Carla Saliba into the world of the ‘flexiprenuer’
Posted on June 19, 2019

Carla Saliba has embraced the world of data visualisation, turning complex information into compelling design – all while working from wherever she wants and with a team that’s scattered across the world

Carla Saliba has made a career out of visualising data. She has communicated the impact of the Syrian war on education, depicted the ebola outbreak in numbers, and visualised terror. For Wired UK, she illustrated the number of deaths caused by conflict across the world since 1945. In short, she makes sense of complex information, rendering it more easily digestible.

“I love what I do and I believe in what I do. I think it’s important,” she says. “The future is not static. It’s interactive, data-driven, with ever more complex information. That for me is interesting. Because at the end of the day, data’s the new oil.”

  Saliba, the founder of data-design and visualisation agency infographic.ly, is at Le Pain Quotidien in Dubai Marina Mall waiting for her tea – a medley of fresh mint leaves, lemon and ginger. She looks relaxed but, having just returned from Beirut, is busy. “Everybody wants your data. So what’s the point of collecting data if you can’t gather insights?” she asks. “The whole point of data and visualising it is to be able to uncover insights easily. And by doing that you can help educate and remove ignorance around so many topics.”

The ‘conflict kills’ commission for Wired, for example, helped disprove assertions that the world is becoming more violent, while visualising terror highlighted an empathy gap in the media. All of which is relatively new ground for Saliba. An architect by training, she practiced for nine years before completing a master’s degree in business design at the Domus Academy in Milan.

“That’s where I really discovered infographics for the first time,” she says. “One of my friends, who has a branding studio in Beirut now, had this book called Information is Beautiful by David McCandless. It did what the cover said. It made information look beautiful. I never thought that information could be so enticing and it opened up a whole new world. Then I discovered Hans Rosling, this famous Swedish statistician and kind of a pioneer in data visualisation. I was suddenly inspired. I discovered this way of putting together data and information in a compelling way.”

   Making data compelling, of course, is far from easy. It takes time, effort and dedication, especially the more interactive work, where information can be compared and contrasted at the click of a button. It also takes talent. Saliba’s design director is based in Beirut, while her freelancers are scattered across the world from Spain to Jordan. As such, Saliba is what she describes as a ‘flexiprenuer’.

“When you manage a team remotely it allows for flexibility in how you and they work, which is made all the easier by the technology and tools that are available to help facilitate this now,” she says. “Ten years ago it would have been much more challenging and restrictive to operate as an entrepreneur. Today you can implement processes without being present, using things like Slack, Trello and Drive to keep everyone on the same page, so despite being in different countries and time zones, there is still accountability on all fronts.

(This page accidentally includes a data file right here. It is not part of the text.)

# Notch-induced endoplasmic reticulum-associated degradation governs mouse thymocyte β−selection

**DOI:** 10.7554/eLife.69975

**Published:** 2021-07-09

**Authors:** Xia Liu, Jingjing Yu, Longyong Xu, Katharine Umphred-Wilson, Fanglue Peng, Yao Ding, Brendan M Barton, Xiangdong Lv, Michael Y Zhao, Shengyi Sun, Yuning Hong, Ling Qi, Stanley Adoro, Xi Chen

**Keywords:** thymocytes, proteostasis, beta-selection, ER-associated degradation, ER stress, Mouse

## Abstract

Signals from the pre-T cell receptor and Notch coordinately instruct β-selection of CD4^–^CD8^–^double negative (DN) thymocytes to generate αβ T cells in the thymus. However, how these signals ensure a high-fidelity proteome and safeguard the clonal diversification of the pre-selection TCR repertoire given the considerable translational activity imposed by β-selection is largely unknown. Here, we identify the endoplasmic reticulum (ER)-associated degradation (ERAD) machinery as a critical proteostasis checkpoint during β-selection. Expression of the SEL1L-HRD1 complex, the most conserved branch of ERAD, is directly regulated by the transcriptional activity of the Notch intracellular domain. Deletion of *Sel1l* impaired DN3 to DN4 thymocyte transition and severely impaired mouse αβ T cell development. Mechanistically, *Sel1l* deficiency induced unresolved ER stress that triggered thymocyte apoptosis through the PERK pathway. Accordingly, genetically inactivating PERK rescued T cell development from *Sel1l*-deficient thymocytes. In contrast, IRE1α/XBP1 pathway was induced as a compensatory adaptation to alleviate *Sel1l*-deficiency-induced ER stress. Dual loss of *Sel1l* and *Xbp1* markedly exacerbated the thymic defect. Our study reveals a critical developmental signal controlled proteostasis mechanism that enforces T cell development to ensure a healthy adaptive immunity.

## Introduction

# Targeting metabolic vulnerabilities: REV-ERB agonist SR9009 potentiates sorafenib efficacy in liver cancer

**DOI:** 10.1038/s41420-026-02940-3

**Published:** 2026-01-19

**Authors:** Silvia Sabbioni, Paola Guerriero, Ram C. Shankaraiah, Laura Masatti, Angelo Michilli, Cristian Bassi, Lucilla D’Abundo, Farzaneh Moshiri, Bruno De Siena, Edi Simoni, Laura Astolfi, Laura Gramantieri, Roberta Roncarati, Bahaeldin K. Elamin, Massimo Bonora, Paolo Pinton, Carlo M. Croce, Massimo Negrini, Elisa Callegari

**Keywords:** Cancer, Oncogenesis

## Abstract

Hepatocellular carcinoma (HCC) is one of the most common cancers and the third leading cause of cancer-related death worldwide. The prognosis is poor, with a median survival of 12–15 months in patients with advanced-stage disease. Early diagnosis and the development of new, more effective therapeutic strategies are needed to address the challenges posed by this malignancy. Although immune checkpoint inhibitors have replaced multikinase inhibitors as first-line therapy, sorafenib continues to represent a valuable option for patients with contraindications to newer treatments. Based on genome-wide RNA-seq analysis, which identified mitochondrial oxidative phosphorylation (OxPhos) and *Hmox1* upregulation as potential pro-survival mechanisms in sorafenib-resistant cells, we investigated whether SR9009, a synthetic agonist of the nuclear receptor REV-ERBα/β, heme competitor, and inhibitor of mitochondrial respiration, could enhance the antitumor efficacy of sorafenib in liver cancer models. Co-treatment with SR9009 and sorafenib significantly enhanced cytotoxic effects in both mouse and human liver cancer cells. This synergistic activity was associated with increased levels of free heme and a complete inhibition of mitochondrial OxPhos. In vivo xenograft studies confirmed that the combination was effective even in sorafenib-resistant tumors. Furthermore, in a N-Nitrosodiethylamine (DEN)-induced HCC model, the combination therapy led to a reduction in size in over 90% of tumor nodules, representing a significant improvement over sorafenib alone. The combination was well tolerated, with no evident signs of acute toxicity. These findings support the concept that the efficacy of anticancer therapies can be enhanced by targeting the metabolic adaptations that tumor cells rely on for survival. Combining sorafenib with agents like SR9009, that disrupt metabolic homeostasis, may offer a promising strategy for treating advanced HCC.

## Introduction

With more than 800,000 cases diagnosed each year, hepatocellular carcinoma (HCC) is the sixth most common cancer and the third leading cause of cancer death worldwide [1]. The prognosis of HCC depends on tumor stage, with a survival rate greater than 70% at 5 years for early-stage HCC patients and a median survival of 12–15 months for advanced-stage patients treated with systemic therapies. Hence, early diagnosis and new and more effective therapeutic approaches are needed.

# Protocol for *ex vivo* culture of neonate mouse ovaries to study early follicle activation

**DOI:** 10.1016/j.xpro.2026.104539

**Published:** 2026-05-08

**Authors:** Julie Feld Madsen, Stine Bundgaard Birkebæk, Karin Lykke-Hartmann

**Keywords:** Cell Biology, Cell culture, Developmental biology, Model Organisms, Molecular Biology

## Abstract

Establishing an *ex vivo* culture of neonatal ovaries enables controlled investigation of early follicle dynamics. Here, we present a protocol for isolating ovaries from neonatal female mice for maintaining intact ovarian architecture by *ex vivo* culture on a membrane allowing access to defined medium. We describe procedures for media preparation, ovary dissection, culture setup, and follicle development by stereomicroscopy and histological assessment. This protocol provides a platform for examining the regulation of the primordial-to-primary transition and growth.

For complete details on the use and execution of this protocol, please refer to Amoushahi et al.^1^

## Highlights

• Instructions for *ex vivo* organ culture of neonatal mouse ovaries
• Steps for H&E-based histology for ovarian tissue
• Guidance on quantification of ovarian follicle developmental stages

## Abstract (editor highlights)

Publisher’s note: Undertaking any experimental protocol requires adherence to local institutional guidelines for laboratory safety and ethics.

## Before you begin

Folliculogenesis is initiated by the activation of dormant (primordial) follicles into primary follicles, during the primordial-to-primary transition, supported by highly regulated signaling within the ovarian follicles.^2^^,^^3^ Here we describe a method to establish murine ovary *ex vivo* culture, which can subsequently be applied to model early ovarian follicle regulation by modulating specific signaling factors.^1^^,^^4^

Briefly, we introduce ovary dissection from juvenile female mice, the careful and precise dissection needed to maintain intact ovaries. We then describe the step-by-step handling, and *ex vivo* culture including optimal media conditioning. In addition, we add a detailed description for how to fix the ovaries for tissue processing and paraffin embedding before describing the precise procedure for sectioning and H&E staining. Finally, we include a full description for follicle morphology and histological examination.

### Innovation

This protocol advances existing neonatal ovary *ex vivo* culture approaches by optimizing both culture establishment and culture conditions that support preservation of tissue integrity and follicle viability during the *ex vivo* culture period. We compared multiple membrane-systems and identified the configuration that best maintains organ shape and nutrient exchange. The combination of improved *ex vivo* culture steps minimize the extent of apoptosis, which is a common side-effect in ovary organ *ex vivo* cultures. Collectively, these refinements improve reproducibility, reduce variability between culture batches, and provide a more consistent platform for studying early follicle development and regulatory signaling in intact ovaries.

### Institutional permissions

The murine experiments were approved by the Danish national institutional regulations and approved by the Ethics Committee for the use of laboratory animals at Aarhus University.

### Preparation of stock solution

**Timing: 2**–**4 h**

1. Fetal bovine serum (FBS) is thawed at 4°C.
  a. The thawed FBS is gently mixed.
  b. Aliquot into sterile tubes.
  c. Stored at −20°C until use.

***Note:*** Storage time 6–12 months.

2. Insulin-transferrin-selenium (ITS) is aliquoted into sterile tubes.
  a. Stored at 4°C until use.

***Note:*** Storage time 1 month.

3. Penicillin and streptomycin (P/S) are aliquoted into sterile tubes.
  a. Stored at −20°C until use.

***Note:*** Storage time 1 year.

“My team are process-driven like me, so they appreciate the need for structure and organisation, but they have the benefit of being able to work to their own timeline, which works for them as well. It’s this flexiprenuer culture that will no doubt be the driver for most businesses in the coming years.” 

“My team are process-driven like me, so they appreciate the need for structure and organisation, but they have the benefit of being able to work to their own timeline, which works for them as well. It’s this flexiprenuer culture that will no doubt be the driver for most businesses in the coming years.” 

 Since launching her agency in 2013 Saliba and her team have helped companies communicate data to their stakeholders clearly and effectively. Clients such as MasterCard, TED, Reebok and Mercedes-Benz. Last year she also held a series of workshops as part of the ‘Today at Apple’ initiative, exploring the potential of ‘infographic thinking’.

“It’s all too easy to fall into repeat patterns and get stuck in a rut when you have been an entrepreneur for a while, which is why it’s important to challenge yourself and get out of your comfort zone when the opportunity presents itself,” she says. “Last year I went on a co-working retreat called Unsettled that’s designed to bring people together from all over the world with different skill sets, outlooks and ambitions to work together for two weeks. Aside from the beautiful Cape Town setting, which was inspiring enough when you work in the visualisation business, it was great to see things from a different perspective, learn from the people around you and try something new.”

“I have a friend in London,” she adds, “who has been something of a mentor to me over the years, introducing me to people, inviting me to events and helping me expand my network as well. Whenever I’m in town, we always meet up to share ideas and catch up on the order of the day. I think that while technology has been such an enabler in helping us achieve so much more from a business perspective, we still need to value people. While you can get business leads online, networking is still one of the best ways to meet people, even if you’re not looking to convert them; you never know where a conversation may lead.”